French multinational advertising and PR firm Havas pulled out its entire UK digital ad spending from Google and YouTube on Friday, 17 March. The company confirmed the same, but said this withdrawal would be limited to its UK business.
This follows a similar withdrawal from many major UK brands and the UK government departments. They withdrew their advertisements after discovering it was appearing next to content promoting extremism.
Paul Frampton, Havas UK chief executive and country manager, was quoted as saying by the Guardian: "We have a duty of care to our clients in the UK marketplace to position their brands in the right context where we can be assured that that environment is safe, regulated to the degree necessary and additive to their brands' objectives."
"Our position will remain until we are confident in the YouTube platform and Google Display Network's ability to deliver the standards we and our clients expect," he added.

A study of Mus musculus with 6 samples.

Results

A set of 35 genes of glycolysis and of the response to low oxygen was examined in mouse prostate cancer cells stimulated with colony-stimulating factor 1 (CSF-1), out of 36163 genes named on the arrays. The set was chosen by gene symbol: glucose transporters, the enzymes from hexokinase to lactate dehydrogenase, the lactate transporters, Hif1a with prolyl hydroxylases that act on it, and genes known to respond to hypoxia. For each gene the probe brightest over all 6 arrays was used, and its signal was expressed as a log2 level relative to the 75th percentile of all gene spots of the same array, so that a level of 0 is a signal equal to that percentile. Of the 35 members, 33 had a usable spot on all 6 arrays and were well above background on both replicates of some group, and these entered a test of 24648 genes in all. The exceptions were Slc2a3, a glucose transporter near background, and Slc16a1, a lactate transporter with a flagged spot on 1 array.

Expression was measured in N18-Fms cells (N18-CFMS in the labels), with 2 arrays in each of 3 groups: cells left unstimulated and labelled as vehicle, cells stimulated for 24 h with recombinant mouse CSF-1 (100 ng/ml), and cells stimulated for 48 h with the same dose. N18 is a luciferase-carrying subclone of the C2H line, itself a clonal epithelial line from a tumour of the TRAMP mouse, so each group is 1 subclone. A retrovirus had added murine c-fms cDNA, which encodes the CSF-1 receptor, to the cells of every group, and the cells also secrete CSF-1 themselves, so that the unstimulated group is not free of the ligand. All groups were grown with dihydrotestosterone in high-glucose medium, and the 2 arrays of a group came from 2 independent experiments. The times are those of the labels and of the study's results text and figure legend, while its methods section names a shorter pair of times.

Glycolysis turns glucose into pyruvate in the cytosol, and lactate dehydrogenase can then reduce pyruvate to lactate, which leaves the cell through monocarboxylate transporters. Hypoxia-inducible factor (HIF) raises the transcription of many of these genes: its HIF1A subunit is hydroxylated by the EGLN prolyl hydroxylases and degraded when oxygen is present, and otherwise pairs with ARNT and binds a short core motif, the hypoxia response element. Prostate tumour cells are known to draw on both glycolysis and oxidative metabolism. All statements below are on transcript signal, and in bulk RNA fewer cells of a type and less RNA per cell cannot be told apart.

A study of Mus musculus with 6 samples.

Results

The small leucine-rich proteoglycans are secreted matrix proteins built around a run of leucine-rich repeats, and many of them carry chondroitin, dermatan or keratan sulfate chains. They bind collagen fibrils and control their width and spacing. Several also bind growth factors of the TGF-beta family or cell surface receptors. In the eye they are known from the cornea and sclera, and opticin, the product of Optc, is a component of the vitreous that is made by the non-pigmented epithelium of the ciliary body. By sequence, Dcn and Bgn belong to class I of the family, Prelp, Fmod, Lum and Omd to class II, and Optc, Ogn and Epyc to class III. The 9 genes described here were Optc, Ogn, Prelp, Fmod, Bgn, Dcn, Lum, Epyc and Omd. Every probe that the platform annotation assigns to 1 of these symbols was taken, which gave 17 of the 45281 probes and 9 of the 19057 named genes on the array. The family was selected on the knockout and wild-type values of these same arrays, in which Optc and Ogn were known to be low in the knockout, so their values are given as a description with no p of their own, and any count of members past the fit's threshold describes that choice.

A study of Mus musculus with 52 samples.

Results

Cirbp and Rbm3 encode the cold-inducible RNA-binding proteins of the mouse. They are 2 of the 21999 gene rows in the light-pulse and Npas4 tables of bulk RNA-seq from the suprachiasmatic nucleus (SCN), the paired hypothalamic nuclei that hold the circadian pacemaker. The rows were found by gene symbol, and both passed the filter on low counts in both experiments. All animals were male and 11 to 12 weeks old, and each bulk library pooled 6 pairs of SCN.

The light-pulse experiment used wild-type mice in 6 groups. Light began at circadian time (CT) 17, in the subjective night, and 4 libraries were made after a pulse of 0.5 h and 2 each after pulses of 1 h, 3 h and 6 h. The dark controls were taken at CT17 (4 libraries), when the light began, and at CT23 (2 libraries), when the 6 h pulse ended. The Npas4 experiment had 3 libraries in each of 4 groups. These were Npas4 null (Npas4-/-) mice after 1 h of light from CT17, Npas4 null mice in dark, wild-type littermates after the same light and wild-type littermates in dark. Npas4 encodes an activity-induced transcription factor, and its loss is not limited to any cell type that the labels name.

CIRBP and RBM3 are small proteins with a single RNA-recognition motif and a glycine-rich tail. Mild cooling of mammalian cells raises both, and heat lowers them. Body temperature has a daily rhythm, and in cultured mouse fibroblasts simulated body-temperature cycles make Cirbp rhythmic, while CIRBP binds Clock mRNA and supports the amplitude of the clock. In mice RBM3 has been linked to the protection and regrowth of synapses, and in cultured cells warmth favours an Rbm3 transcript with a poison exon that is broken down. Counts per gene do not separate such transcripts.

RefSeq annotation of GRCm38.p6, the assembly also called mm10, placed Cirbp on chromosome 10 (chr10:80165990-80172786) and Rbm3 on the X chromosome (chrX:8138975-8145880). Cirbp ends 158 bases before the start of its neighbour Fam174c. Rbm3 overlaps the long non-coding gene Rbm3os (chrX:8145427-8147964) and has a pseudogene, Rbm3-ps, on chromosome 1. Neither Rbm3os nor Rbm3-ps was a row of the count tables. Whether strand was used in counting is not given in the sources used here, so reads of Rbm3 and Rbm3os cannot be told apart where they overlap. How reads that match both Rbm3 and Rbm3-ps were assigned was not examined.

Ads of the Home Office, the Royal Navy, the Royal Air Force, Transport For London, Argos and Sainsbury's among many others were found to be being displayed alongside videos for racists, white supremacists, rape apologists and other such videos that advocate extremism. Following this, many brands and the UK Government said they would withdraw their ads from the Google platforms until the American tech giant would take necessary action to resolve the same.
Havas is one of the world's biggest marketing agency whose annual digital spend in the UK alone stands at about £175m ($217m). A few news reports had said recently that Havas would consider a global freeze on YouTube and Google ads.
However, according to the latest from a Havas spokeswoman, the rest of the group will not withdraw its ads from either of the two platforms. "The decision of our UK team to pause activity with our partner Google is a temporary move made by the local team on behalf of our UK clients and their specific needs. We are working with Google to resolve the issues so that we can return to using this valuable platform in the UK," she was quoted as saying by Reuters.
Meanwhile, Yannick Bollore CEO at Havas tweeted he was not even aware of its British unit's decision.
Google on its part has already publicly apologised for this issue. It said it had worked hard to prevent ads from appearing on pages or videos with "hate speech, gory or offensive content". It added that it would launch a review to give brands who advertise on its platform more control over where their ads should appear.